The Monastery at Akeldama
“Therefore that field has been called the Field of Blood to this day.” [Matt 27:8, ESV]
This verse is one of those passages that I’ve heard so many times that I almost never think about its significance. However, this time I noticed something I’ve never noticed before. It’s not a great spiritual breakthrough, or even a minor one for that matter, just something I found interesting which I never noticed before.
The field spoken of here was called the Field of Blood (Aramaic, Akeldama) because it was purchased as a cemetery for foreigners who died in Jerusalem with the money that Judas was payed to betray Jesus, the infamous thirty pieces of silver. The blood is Jesus’ blood. Matthew says that is has continued to be called that name at least up to the time he wrote his gospel.
If the gospel record of Jesus’ life, especially His death and resurrection, why would this field have been given that name? This is not a fact that Matthew could have just made up. His readers would have noticed that immediately and it would have cast doubt on what he wrote. Matthew’s gospel was, most likely, written in Aramaic and later translated into Greek. That means it was written for the home-town crowd. He could not have gotten away with making this up.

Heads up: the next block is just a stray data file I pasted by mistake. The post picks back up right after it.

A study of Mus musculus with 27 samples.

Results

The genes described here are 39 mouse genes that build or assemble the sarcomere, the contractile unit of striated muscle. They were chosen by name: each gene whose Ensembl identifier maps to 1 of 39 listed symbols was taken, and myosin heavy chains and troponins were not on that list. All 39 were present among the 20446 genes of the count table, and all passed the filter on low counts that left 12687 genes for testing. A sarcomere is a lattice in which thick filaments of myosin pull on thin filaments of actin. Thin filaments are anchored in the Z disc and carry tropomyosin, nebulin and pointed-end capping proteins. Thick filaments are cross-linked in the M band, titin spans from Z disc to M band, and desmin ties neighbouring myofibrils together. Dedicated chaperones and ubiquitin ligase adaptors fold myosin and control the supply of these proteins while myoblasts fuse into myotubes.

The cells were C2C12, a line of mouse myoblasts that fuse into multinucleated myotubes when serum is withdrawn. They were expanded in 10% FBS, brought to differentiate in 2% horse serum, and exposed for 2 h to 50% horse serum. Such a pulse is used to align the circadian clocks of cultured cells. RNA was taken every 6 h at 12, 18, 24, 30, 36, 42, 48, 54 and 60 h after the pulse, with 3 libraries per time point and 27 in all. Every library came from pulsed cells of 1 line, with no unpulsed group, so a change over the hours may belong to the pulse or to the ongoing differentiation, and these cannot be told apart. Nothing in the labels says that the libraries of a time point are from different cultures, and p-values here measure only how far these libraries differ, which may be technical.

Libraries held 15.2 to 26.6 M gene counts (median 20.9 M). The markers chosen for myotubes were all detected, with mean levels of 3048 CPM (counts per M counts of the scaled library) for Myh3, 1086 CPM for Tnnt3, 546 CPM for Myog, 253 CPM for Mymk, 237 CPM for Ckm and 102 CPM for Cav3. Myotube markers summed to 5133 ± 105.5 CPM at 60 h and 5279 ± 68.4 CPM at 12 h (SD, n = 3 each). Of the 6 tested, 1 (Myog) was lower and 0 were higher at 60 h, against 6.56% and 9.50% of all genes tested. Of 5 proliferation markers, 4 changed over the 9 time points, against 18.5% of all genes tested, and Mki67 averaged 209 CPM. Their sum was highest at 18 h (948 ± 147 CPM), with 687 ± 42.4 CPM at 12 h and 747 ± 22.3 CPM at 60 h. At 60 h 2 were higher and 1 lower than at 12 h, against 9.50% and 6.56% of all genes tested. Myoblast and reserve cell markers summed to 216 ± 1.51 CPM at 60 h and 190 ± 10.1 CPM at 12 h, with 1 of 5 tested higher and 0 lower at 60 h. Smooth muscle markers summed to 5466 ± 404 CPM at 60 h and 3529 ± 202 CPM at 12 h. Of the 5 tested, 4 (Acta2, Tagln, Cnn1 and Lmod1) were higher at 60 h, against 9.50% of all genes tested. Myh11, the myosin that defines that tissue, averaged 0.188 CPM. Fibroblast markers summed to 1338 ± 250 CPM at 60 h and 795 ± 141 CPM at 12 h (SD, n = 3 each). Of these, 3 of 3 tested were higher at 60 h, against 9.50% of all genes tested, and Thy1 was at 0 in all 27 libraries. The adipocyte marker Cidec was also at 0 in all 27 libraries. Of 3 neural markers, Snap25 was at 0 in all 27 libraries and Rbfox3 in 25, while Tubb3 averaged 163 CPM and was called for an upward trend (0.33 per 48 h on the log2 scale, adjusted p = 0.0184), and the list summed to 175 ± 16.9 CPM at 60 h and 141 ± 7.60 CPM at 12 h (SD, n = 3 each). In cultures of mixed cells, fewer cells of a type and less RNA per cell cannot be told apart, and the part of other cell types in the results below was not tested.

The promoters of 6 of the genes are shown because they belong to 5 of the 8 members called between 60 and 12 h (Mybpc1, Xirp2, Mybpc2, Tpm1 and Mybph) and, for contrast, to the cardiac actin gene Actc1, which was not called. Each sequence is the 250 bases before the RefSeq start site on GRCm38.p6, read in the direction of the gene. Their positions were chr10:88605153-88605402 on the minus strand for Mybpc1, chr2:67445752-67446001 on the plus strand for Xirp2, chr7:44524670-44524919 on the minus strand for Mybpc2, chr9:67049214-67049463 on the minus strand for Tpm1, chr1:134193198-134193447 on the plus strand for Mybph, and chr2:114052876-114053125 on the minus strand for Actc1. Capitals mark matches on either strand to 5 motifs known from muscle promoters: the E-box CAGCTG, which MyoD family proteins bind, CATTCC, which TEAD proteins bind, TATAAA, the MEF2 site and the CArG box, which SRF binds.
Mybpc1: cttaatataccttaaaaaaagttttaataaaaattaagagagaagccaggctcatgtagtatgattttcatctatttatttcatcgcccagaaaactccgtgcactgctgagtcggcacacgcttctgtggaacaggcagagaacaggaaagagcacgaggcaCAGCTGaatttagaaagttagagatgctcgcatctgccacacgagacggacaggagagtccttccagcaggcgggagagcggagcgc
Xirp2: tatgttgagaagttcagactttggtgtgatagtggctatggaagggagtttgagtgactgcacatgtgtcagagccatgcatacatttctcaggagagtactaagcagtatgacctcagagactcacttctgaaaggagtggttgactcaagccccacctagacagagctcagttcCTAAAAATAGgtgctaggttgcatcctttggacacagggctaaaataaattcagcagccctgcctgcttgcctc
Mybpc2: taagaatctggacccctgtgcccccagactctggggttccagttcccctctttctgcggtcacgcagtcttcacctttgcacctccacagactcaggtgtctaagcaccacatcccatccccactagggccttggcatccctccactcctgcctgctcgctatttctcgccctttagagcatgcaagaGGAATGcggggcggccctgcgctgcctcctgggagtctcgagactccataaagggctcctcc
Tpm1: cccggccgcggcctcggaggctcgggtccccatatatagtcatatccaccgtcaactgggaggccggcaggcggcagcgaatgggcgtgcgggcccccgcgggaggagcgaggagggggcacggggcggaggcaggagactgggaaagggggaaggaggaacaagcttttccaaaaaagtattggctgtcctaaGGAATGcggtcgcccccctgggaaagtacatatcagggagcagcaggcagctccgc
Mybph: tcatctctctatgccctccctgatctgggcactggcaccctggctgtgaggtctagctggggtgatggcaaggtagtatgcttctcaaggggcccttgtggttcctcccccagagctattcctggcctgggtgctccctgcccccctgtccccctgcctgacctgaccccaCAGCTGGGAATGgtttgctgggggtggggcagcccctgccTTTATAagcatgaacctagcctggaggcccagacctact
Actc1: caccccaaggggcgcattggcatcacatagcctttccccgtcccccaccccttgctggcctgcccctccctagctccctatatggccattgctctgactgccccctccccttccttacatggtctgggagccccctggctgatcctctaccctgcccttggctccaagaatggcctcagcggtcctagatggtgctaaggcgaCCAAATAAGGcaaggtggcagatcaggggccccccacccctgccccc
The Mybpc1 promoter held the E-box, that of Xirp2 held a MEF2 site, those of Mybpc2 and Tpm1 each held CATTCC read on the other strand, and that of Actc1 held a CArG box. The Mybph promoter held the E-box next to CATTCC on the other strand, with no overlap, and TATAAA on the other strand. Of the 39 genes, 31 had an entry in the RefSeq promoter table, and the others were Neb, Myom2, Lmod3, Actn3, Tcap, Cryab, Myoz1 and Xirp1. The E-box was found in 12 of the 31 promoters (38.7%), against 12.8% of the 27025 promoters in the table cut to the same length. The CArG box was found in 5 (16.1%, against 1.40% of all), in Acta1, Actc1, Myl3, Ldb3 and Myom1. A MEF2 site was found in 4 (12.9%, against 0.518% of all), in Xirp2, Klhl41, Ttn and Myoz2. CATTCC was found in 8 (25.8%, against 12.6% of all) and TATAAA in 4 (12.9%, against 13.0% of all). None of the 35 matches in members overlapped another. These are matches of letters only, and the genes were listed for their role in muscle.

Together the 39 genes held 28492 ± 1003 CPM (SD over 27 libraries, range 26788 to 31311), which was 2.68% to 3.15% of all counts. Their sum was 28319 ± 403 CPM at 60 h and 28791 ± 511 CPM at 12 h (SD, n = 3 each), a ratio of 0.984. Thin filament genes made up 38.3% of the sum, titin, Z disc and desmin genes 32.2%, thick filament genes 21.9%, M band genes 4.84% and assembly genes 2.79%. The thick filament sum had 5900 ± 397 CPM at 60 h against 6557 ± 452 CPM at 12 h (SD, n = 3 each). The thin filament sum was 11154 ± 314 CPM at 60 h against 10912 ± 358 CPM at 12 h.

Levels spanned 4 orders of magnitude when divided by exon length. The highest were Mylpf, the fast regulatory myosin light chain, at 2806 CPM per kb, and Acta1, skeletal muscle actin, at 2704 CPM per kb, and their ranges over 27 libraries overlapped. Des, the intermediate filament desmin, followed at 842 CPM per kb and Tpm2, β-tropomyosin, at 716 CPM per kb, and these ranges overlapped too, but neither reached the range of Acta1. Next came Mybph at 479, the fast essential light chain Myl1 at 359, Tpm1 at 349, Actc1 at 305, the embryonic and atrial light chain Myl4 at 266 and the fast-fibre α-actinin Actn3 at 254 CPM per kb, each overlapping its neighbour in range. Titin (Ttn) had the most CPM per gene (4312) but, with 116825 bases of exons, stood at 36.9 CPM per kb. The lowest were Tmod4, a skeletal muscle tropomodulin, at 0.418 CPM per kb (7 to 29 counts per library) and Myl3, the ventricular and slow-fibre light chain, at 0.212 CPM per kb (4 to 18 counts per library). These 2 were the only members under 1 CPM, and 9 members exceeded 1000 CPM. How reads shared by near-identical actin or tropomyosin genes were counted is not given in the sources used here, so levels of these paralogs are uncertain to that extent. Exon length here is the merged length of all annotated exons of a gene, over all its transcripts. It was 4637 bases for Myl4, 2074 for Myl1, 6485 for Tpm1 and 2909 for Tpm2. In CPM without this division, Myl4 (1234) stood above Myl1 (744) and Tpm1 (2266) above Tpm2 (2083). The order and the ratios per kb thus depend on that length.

And why would Jesus’ enemies, the ones who paid Judas to betray Jesus in the first place, give this plot of land a name that referred to Jesus if He didn’t shed His blood as a result of Judas’ betrayal? The field was reserved for foreigners because, having been purchased with blood money, no Jew could be buried there.It’s just a little bit more evidence that the Bible can be trusted as a historical document.
Text © 2018 Gary J. Sibio. All rights reserved.
Public domain image courtesy of Wikipedia.